In this article, we’ll answer the question, “Why is my cat’s poop green?” We’ll also share steps pet parents can take to determine the cause of green cat poop and\ help their feline friend feel better.  

Green Cat Poop: Color, Consistency and Other Characteristics 

Normal cat poop is light brown, soft, and well-formed. If you notice your cat is pooping green, that’s a sign something is amiss. Pet parents may notice different shades of green cat poop, which can range from light to dark green. Various consistencies including hard, soft, runny, or slimy cat poop may also be seen. Green cat poop can be well-formed or consistent with diarrhea and may contain mucus. 

Pet parents should note specific characteristics of their cats’ poop so they are able to accurately describe them to the veterinarian. If you can, snap a picture or bring a sample of the poop with you to show your veterinarian because these can support an accurate diagnosis.

Why Is My Cat’s Poop Green?

 Cat next to litter box and cat tree

Green poop in cats has many causes, ranging from underlying diseases to toxin ingestion to parasites and more. We will discuss some of the most common causes and why this alarming color change occurs. 

Underlying Disease

Gallbladder and liver disease can result in green discoloration of a cat’s poop. The liver produces bile, which is a thin yellow-green liquid that is stored in the gallbladder. After a meal, the gallbladder releases bile into the intestines to aid in digestion. If there is a problem with bile production or storage, too much bile can be released. This typically results in loose stools that are green. Other symptoms that may indicate a problem with the liver or gallbladder include lethargy, jaundice (yellow discoloration of the skin and eyes), decreased appetite, vomiting, weight loss, and increased thirst and urination.

Toxin Ingestion

Some rodenticides contain a blue-green pigment. If a cat accidentally ingests one, their poop may turn green due to the dye in these products. Accidental ingestion of rodenticide is a medical emergency and should be treated by a veterinarian immediately. Cats who have ingested rodenticide will also have severe symptoms that may include abnormal bleeding, seizures, and labored breathing, among others.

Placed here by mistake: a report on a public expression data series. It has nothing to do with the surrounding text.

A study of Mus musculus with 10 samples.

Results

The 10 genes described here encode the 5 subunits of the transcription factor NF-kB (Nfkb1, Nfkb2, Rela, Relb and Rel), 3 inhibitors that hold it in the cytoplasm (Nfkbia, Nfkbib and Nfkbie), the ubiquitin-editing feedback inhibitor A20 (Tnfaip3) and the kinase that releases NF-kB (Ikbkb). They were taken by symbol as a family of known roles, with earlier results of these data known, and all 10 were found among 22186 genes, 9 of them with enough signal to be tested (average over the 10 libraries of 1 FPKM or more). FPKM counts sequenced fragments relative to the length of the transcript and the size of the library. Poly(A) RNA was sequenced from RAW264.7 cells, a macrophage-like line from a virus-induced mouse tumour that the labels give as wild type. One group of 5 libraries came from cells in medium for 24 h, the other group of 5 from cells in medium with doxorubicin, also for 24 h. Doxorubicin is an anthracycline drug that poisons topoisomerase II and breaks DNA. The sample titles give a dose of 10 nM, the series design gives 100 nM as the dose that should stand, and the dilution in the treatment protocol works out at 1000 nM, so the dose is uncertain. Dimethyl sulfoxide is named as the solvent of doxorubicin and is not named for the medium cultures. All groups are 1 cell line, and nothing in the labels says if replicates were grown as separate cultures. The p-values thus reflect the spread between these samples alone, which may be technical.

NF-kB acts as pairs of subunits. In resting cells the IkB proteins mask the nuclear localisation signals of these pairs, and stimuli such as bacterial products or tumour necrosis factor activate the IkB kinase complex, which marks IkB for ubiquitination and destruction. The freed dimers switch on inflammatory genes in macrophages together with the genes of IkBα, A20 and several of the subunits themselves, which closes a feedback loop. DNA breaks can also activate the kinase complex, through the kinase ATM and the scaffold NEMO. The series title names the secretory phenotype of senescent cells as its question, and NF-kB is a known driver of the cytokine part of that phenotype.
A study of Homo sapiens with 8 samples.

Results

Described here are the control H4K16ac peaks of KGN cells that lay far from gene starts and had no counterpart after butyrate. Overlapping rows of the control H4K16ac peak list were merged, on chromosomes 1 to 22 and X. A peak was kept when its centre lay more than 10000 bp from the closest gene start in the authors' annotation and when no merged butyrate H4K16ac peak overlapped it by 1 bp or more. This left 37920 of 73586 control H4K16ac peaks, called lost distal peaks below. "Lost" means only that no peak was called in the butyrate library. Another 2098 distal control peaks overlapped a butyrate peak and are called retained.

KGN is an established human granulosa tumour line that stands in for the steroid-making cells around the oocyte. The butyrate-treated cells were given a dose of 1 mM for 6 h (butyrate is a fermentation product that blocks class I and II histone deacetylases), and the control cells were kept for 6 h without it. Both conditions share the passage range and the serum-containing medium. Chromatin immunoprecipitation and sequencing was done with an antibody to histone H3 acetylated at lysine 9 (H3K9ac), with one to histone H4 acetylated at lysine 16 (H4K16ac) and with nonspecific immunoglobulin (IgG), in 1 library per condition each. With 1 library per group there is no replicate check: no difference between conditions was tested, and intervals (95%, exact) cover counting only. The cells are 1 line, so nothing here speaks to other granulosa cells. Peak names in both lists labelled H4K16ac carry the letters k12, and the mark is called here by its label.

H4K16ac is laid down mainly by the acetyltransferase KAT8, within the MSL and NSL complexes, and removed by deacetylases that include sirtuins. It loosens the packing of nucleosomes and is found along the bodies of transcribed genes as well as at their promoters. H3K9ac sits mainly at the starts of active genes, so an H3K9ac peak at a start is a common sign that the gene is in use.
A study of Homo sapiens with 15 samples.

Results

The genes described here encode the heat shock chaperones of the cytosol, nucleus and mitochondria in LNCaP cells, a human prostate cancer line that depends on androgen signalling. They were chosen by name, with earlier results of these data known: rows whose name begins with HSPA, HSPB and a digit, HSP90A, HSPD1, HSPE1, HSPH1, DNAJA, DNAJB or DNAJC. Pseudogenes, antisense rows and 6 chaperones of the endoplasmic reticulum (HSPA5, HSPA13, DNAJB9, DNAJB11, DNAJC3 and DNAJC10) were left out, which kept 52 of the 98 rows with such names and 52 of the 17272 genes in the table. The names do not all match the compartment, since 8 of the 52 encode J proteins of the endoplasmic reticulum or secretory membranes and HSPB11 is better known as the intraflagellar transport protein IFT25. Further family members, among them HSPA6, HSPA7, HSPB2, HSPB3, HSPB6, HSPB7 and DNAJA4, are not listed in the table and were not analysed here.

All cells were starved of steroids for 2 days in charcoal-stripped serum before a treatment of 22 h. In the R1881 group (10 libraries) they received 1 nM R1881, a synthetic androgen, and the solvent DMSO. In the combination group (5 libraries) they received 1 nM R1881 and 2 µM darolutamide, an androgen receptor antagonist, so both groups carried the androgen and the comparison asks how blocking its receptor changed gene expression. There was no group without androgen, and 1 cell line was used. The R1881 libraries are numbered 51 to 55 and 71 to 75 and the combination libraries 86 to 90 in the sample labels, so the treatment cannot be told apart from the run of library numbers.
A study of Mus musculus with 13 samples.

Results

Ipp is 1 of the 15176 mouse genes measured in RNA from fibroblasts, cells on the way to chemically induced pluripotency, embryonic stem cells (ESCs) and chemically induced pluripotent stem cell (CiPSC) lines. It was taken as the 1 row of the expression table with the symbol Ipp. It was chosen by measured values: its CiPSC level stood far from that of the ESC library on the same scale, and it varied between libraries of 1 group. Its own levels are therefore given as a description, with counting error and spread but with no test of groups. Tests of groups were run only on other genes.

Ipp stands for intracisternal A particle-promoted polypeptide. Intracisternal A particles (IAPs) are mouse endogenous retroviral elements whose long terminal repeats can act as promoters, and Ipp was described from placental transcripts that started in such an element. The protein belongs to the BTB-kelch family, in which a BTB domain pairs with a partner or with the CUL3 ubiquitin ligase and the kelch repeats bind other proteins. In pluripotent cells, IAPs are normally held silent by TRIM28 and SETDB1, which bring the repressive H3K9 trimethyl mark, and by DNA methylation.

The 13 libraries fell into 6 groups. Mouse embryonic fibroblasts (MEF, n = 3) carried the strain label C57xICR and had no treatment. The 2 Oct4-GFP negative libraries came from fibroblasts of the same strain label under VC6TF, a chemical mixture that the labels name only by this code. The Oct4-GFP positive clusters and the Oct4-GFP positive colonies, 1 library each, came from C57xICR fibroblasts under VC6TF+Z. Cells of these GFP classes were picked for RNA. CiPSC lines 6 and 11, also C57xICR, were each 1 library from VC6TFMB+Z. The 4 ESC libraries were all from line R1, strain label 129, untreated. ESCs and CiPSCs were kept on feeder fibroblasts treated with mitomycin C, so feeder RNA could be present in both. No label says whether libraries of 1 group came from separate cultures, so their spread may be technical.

Intestinal Parasites

Green and smelly cat poop can be a sign of intestinal parasites. Cats can become infected with several types of parasites, such as roundworms, hookworms, whipworms, and giardia. They cause inflammation within the intestines and interfere with the normal transit time of stool. When stool moves through the intestines quicker than it should, it can be green and runny. 

Intestinal Inflammation

Cats who have inflammatory bowel disease, intestinal cancer, or a bacterial infection have higher levels of inflammation within their intestines. This can result in stool moving too quickly through the intestines, resulting in green discoloration. There may also be streaks of mucus present in the cat’s poop. Other symptoms cats may experience include weight loss, decreased appetite, and vomiting. 

Dietary Indiscretion

If a cat eats something unusual, they may develop green poop as a result. There could be complete discoloration of the poop or specks of green throughout brown stool. For example, when cats ingest a lot of grass, their poop is likely to turn green. Similarly, this may occur with any foods containing a large amount of green pigment. 

Diet Change

Abruptly changing a cat’s diet can result in food intolerance and green discoloration of the cat’s poop. Typically, once the cat adjusts to the new diet, the stool returns to normal. Some diets contain green dye as an additive, which can also have the same effect. 

What To Do If Your Cat Has Green Poop 

Veterinarian listens to cat's heart

If you notice discolored poop inside your cat’s litter box, it’s important to know what steps to take. Sometimes it is OK to take a wait-and-see approach while other times it is important to get to the veterinarian as soon as possible. Let’s discuss the most appropriate actions for each situation. Of course, if you are ever in doubt about your cat’s well-being, seeing a veterinarian promptly is always the best option.  

Let’s start with dietary indiscretion. If you know your cat has ingested some grass and you are seeing a few grass strands in your cat’s poop but your cat is acting perfectly fine otherwise, it will probably resolve itself once all of the grass has passed. However, if during this time your cat begins vomiting or stops eating, they should be brought to the veterinarian for evaluation. 

Likewise, if you think the green cat poop is related to a recent diet change, try a bland diet for a couple days consisting of boiled chicken and cooked white rice and see if the stool returns to normal. Your veterinarian can also recommend a prescription diet that is easy on the intestines. If a bland diet does not resolve the issue, it’s time to see a veterinarian.  

If you notice that your cat’s poop has changed in color or consistency without an identifiable cause or that your cat is just not acting like themselves, bring them to the veterinarian for evaluation. Take note of when you started noticing the stool changes and other concerning symptoms. Depending on the suspected underlying cause, your veterinarian can check a stool sample to rule out inflammation and intestinal parasites. Bloodwork may also be performed to identify signs of underlying illness or toxin ingestion. 

Your veterinarian can develop the best treatment plan based on the individual cat’s health and history. This may include hospitalization for intravenous fluids and other supportive care. Medications, such as antibiotics, dewormers, and probiotics may also be recommended depending on the diagnosis.